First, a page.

The family of five headed to the opening night of Charlie and the Chocolate Factory on Broadway in New York City on Sunday. The rare public outing saw all three children — 14-year-old son James Wilkie and 7½-year-old twins Loretta and Tabitha — hitting the red carpet with their famous parents.
The twins looked sweet in coordinating pink coats, while their brother wore a tie for the occasion. Their ultra-fashionable mother opted for a floral-print dress, paired with a bright-green blazer and matching heels.
The Sex and the City actress, 52, documented the entire evening on social media, beginning with the car ride to the Lunt-Fontanne Theatre. “It’s a family affair,” she can be heard singing in an Instagram video before asking her kids where they’re off to.
Want all the latest pregnancy and birth announcements, plus celebrity mom blogs? Click here to get those and more in the PEOPLE Babies newsletter.
“Yipee! On our way to see ‘Charlie and the Chocolate Factory‘ and the whole family get to go and cheer for our dear @scottwittman and @marc_shaiman,” Parker captioned the post.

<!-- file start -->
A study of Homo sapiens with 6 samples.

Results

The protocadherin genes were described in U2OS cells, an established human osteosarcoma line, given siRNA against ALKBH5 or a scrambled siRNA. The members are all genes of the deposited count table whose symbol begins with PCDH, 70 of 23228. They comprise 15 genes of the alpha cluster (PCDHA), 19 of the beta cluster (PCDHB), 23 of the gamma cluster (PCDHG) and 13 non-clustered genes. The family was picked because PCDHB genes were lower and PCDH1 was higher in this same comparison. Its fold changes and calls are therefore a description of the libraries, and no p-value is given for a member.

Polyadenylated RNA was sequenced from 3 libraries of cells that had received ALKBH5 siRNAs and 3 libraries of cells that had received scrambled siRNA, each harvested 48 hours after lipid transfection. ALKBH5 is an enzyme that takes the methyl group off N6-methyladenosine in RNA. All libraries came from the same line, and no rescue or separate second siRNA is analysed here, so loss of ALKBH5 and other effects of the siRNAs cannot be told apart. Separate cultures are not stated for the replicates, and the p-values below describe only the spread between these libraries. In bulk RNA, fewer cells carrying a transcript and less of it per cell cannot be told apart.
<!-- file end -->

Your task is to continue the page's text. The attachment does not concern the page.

She also gave fans a glimpse inside the theater before the show began, pointing the camera on the creators while a silhouette of Willy Wonka loomed behind the curtain.
RELATED VIDEO: Sarah Jessica Parker On The Struggle Of Being A Working Mom — And Choosing Divorce As Her TV Comeback
The actress even showed off her playbill and opening night party pass — appropriately designed as a golden ticket.
“A lot of VERY happy people just left the Lunt-Fontanne theatre in NYC. Count the Parker-Brodericks among them,” she wrote. “Join the joy and be an audience at ‘Charlie and the Chocolate Factory.’ ”
Although both Parker and Broderick have been on Broadway — she starred in the 1996 revival of Once Upon a Mattress, while he has won two Tony Awards — the actress has said she won’t let her children act for a long time.
“I don’t want him to do it until after he goes to college,” she said in 2011 of her son. “But part of me thinks maybe it’s better if he knows the truth now about how hard it is to be a working actor.”
Continued Parker, “I don’t know if he grasps what it took to get us here.”